My project consists of both C# and C++ code and the difference really annoys me. I want to set a common standard for all the sources, but I wonder if this would have any drawbacks.


8 Answers 8

If you're looking for a completely logical, well reasoned justification for this difference I don't think you'll find one. Despite the many flame wars around tabs vs spaces there really isn't a real winner (otherwise the war would be over).

The way to get around this is via a .vssettings file. When I first started with VS 2005, I set the tabs/spaces default in each language. You can do this via Tools -> Options -> Text Editor -> (C#/C++). Then I export the tab settings into a .vsssettings file. Whenever I install VS on a new machine I just import that file and I have my happy space/tab settings.

PS: spaces rule :)


Of course tabs is the only right way. Tab can do everything spaces can do. Spaces cannot do much of what tab can do.

Tabs allow easy change of indentation and easy navigation without having to press arrow keys too many times, and would having to hold control.

The real solution is to have the editor be able to navigate and tab indented file as if it was space indented, if the user prefers so. The file would be saved with tabs. Very simple and accommodating everybody.

The problem in c# 2010 is that I cannot find any option to change it to tabs.


I doubt there are any drawbacks as C++ grammar doesn't distinguish between tabs and spaces. By the way, I think the best way to set code style standards is to export VS settings and share it with the team.

    
Nope. C# grammar doesn't distinguish either. There are plenty of high level languages out there, so many of them probably distinguish spaces and tabs: en.wikipedia.org/wiki/Whitespace_(programming_language) –  Mehrdad Afshari Mar 7 '09 at 14:08
    
I'm sure there are. IIRC python distinguishes whitespace but I'm not sure if it cares tab/spaces or not. –  JaredPar Mar 7 '09 at 14:09
    
SO corrupted the link: en.wikipedia.org/wiki/Whitespace_programming_language –  Mehrdad Afshari Mar 7 '09 at 14:11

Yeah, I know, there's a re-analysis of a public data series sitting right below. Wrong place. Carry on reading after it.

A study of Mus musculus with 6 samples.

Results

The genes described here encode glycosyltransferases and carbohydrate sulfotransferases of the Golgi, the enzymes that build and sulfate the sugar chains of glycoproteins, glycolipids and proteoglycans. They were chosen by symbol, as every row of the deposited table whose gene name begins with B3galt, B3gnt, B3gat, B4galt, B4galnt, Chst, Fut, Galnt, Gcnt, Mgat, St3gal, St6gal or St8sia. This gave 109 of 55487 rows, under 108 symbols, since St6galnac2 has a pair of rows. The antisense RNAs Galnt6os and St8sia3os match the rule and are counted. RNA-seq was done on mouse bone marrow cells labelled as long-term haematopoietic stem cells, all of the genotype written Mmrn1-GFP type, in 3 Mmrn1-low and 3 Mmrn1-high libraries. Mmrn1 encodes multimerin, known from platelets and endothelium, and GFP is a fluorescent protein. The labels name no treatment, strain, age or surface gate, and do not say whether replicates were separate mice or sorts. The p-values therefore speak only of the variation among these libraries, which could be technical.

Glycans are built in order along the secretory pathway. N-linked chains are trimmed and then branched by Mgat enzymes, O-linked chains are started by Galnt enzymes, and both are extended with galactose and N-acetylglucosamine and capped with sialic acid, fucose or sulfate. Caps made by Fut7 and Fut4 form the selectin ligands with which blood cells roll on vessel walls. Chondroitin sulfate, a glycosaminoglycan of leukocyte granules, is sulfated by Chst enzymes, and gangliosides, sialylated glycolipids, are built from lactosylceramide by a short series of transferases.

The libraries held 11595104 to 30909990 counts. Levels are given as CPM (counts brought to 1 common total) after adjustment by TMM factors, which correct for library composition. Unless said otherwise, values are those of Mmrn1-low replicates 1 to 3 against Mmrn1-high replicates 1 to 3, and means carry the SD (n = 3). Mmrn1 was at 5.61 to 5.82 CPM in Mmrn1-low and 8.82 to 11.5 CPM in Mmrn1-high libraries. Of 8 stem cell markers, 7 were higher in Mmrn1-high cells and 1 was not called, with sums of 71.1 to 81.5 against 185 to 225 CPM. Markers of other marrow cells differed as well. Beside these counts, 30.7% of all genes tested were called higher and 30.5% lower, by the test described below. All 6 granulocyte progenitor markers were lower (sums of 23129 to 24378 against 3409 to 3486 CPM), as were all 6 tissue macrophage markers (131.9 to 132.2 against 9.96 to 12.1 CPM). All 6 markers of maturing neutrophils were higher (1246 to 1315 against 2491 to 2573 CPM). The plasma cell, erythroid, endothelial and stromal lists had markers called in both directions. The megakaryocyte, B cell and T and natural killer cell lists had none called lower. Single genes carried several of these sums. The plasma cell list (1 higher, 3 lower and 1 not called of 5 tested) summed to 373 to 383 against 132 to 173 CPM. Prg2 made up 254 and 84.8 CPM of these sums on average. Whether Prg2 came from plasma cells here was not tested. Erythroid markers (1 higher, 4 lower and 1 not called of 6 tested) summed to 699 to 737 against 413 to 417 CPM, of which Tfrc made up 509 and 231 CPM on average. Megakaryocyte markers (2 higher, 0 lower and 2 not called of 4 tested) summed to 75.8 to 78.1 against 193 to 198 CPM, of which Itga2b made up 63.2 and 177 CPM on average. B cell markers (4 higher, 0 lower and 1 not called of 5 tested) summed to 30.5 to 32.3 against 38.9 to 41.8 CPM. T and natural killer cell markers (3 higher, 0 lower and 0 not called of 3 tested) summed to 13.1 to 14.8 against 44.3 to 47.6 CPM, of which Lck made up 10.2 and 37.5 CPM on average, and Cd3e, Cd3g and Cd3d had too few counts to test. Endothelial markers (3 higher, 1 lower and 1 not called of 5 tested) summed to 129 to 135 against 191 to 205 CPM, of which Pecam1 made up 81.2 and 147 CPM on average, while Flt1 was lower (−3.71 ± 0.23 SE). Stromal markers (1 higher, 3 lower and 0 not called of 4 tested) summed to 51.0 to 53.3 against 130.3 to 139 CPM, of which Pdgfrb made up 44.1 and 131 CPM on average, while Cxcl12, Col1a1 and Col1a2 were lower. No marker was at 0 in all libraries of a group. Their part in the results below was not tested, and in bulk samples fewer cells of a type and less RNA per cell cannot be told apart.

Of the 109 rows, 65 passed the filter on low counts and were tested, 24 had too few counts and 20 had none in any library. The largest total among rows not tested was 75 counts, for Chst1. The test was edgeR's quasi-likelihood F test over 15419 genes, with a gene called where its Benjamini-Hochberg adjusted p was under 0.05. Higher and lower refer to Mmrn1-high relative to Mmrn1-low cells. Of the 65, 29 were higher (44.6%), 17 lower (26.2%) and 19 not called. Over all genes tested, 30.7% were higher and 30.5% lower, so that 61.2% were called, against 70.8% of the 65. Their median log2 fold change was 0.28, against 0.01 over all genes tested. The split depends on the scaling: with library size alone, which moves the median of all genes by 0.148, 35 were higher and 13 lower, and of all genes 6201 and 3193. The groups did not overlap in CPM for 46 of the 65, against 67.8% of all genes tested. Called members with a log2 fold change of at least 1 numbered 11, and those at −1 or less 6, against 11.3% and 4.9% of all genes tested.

The reason behind C#'s default 4 spaces is that whoever will open the file the indentation will be the same.

You are free to change it as you like in preferences.


Just go with whatever you prefer, I normally use tabs in C++. Those who view my code all use the default VS settings RE tabs anyway so there is no real pull to replace that with spaces. I'm not sure what its like now but when F# was in its infancy (i.e., pretty early release out of MSR) you needed to use spaces in #light code otherwise the compiler would complain as whitespace was important.

Different people have different preferences, I know some who religiously use spaces, on the other hand I know more that uses tabs.


Why not?

Just change it if you're not happy.

    
Well, why not? the tabs v spaces argument is never going to end so why shouldn't the two languages have different defaults? They were probably worked on by teams with different whitespace religions? Honestly, just change it if you're not happy, it's not hard. –  Gary Willoughby Mar 7 '09 at 23:05

Spaces make it more difficult to navigate through code with the keyboard.

With spaces, most people will use four spaces, but some will use two or three. With tabs, the people who want their code tabbed out with two spaces can simply set the tab character to display as wide as two spaces, and the coding style remains consistent.

If you're using spaces for tabs in any HTML, CSS, or JavaScript, you're doing it wrong. There's no tabs-vs-spaces debate for html/css/js - it's either tabs, or ignorance. Client-side code is not compiled, and IIS doesn't have compression turned on by default - excess white space = excess fat.

Way back when, VB6 didn't give us the choice to use tabs, but now we can and should - if you don't, your code makes it look like you're still clinging to old-school ways.

So stop coding like it's 1999. Use tabs. Do it for the children.

    
If you care about bandwidth, just compress your source files. Bandwidth shouldn't influence the way you prefer to write code. –  Steven Jeuris Sep 9 '11 at 12:23

The tabs vs spaces argument has a simple answer: tabs. Tabs allow you to specify your indentation while not forcing others to live with it. Given that tab sizes are merely a personal preference, one user shouldn't be able to force others to follow his/her display options.

Why the difference between C++ and C#: no clue. However, knowing that tabs are logically a better option, just change the C# (and in fact, all languages) to tabs and voila.